Looking back five years ago, seeing the world through her eyes is a little different now. She sees not through the theories of a solid education, but through the eyes of a unique experience. Five years ago, as she made her way sleepily from her bed past the doorway, she witnessed something singular which stopped her in her tracks: her mother levitating a coffee cup almost casually making a miracle in her kitchen.
Ever since then, her filter changed. The fog of sadness left her, and she began to unfreeze. Movement replaced sadness. Passion replaced complacency. Still there was no happiness because there was still pain, and the struggle continues. From the horrible shock of her lasik surgery gone wrong to the point of almost incurable blindness to witnessing something magical, the past five years have become a distant memory. But not the pain.
Today it crossed her mind quite distinctly, in fact, that when she was young, she had a strong sense of infinite possibilities. Travel the world and make her mark? Of course! Write a Pulitzer Prize winning fiction? Only a matter of time! Create positive change in children’s education? Naturally!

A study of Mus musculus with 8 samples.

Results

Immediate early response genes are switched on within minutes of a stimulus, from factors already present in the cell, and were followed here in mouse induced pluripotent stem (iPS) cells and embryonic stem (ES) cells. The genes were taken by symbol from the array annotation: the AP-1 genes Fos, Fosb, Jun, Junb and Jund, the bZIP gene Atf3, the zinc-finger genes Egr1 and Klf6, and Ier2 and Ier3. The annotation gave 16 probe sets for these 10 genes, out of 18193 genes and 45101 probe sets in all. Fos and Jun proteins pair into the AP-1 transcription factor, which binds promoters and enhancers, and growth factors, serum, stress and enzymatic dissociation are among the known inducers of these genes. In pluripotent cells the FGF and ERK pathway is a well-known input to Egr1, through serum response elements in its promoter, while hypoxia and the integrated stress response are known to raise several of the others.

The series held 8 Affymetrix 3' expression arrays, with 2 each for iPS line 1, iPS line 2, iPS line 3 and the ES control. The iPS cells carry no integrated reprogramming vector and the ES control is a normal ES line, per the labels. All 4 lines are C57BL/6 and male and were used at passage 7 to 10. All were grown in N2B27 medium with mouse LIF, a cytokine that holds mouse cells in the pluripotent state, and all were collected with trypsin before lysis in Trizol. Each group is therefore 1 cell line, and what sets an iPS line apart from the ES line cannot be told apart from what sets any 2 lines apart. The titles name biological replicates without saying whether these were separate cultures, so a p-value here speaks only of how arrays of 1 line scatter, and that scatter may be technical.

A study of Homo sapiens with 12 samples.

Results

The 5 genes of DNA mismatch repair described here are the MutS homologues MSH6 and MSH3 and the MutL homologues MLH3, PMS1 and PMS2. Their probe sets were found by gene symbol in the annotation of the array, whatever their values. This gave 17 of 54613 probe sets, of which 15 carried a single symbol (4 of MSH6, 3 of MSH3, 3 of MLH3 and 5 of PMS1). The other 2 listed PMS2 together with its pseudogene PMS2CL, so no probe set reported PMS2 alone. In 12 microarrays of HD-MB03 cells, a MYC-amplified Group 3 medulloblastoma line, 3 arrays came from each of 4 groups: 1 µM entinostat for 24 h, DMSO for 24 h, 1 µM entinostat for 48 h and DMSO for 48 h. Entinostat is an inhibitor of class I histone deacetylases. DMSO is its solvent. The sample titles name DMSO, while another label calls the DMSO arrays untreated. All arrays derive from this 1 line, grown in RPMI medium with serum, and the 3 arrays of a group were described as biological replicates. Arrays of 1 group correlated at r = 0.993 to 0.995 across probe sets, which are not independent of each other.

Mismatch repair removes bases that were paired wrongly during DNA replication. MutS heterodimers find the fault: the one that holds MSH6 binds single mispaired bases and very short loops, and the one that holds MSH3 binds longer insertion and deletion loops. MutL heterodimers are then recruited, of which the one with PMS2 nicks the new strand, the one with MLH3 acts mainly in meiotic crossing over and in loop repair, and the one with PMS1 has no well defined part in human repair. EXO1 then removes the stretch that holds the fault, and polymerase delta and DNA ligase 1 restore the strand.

But the melancholy of growing older had blurred her shared vision with her companion. The back pains, the headaches, and the tired feet were all too obvious tell-tale signs of her reaching a certain age. Her tears flowed and made way for that painful longing to crawl out of the long, dark tunnel. Feeling the weight of everything and carrying the burdens of her family, she is perpetually exhausted. The only reason she gets up in the morning to fulfill the mundane list of daily tasks is because of that coffee cup. By habit, the first thing she would do is to make coffee and stare at the very same cup, hoping to accomplish the same act of miracle that she caught her mother doing. It hasn’t happened yet. There must be something else missing.